For most people who don’t feel well, a visit to the doctor can diagnose and fix the problem. Simple, right?
But some diseases can be silent predators, offering few or no warning signs to alert you early on that help is needed. One such disease is diabetes.
Not only does diabetes affect almost 24 million people in the United States, but 25 percent don’t even know they have it.
What Is Diabetes?
As food is digested, it is broken down into glucose (also known as sugar), which provides energy and powers our cells. Insulin, a hormone made in the pancreas, moves the glucose from the blood to the cells. However, if there is not enough insulin or the insulin isn’t working properly, then the glucose stays in the blood and causes blood sugar levels to rise.
There are three main types of diabetes: type 1, type 2, and gestational diabetes. Type 1 results from the pancreas no longer being able to make insulin and is usually found in children, teens, and young adults. Gestational diabetes can occur near the end of a woman’s pregnancy and usually disappears after the baby’s birth.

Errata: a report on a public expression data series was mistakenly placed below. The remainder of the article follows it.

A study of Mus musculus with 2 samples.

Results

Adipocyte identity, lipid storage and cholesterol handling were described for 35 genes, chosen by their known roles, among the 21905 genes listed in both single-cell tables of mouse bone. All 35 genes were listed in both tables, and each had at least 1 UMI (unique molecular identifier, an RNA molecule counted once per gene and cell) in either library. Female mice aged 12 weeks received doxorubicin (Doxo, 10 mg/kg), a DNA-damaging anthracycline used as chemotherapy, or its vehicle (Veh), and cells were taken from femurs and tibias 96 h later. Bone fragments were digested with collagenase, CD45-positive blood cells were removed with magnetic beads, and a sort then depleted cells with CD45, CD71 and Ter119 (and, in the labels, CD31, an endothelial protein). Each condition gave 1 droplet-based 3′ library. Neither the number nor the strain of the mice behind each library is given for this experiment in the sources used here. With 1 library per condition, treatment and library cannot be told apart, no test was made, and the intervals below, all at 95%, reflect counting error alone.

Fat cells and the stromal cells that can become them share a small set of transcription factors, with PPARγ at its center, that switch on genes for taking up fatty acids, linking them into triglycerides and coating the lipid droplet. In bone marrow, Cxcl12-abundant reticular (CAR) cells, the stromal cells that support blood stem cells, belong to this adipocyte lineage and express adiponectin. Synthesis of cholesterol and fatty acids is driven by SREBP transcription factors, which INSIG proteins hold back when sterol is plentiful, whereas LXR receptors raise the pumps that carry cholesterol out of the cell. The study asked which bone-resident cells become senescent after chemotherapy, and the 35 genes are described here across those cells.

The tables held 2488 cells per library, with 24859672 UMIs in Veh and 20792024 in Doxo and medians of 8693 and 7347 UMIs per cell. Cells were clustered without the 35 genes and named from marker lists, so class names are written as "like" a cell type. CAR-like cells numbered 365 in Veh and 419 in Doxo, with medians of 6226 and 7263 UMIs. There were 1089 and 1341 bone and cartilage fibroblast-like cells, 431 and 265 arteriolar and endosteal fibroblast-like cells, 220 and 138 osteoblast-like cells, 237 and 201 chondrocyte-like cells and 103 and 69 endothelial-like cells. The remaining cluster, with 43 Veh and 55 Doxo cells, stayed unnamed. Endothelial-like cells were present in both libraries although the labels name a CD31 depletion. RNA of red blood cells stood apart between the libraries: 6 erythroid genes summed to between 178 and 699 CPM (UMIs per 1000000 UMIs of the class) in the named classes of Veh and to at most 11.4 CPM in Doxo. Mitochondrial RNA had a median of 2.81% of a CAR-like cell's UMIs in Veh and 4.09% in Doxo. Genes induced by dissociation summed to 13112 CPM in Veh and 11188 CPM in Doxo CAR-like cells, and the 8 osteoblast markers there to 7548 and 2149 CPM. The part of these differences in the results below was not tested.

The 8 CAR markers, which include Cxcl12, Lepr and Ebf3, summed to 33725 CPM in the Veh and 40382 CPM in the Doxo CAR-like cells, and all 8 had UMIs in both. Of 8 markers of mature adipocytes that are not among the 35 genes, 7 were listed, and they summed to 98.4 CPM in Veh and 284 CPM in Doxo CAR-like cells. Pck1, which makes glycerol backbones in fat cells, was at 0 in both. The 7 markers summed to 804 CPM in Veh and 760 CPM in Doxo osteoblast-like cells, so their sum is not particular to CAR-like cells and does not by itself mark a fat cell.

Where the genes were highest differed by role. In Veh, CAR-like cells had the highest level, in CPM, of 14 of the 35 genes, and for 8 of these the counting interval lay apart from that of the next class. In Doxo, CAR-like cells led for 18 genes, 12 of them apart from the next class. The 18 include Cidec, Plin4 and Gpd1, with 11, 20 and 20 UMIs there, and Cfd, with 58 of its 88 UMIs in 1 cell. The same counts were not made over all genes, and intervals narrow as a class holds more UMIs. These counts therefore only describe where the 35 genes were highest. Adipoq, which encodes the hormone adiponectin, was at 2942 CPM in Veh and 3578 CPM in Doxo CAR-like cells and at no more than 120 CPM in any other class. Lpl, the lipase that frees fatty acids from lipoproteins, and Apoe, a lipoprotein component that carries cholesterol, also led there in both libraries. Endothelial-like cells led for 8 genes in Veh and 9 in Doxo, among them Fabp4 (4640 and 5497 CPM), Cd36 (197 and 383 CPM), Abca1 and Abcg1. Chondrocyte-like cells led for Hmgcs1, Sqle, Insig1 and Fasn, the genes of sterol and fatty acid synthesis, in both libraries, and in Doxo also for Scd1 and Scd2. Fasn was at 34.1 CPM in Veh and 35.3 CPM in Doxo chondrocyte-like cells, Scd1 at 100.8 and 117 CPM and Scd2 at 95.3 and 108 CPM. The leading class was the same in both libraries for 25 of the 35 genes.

The most common form of diabetes is type 2. Risk factors include being overweight; not getting enough physical activity; having a parent or sibling with diabetes; being African-American, Asian-American, Latino, Native American, or Pacific Islander; being a woman who had gestational diabetes or gave birth to a baby who weighed more than nine pounds; having high blood pressure, having low HDL (good cholesterol) or high triglycerides; and having pre-diabetes.
Diabetes: Why Is It Dangerous?
“When poorly controlled diabetes causes blood glucose levels that are too high or too low, you may not feel well,” explains Claudia L. Morrison, RD, outpatient diabetes program coordinator at Washington Hospital Center in Washington, D.C. “Diabetes that is poorly controlled over time can lead to complications that affect the body from head to toe.” Issues can occur with everything from one’s eyes, kidneys, and nerves to reproductive organs, blood vessels, and gums. But the most serious problems are heart disease and risk of stroke.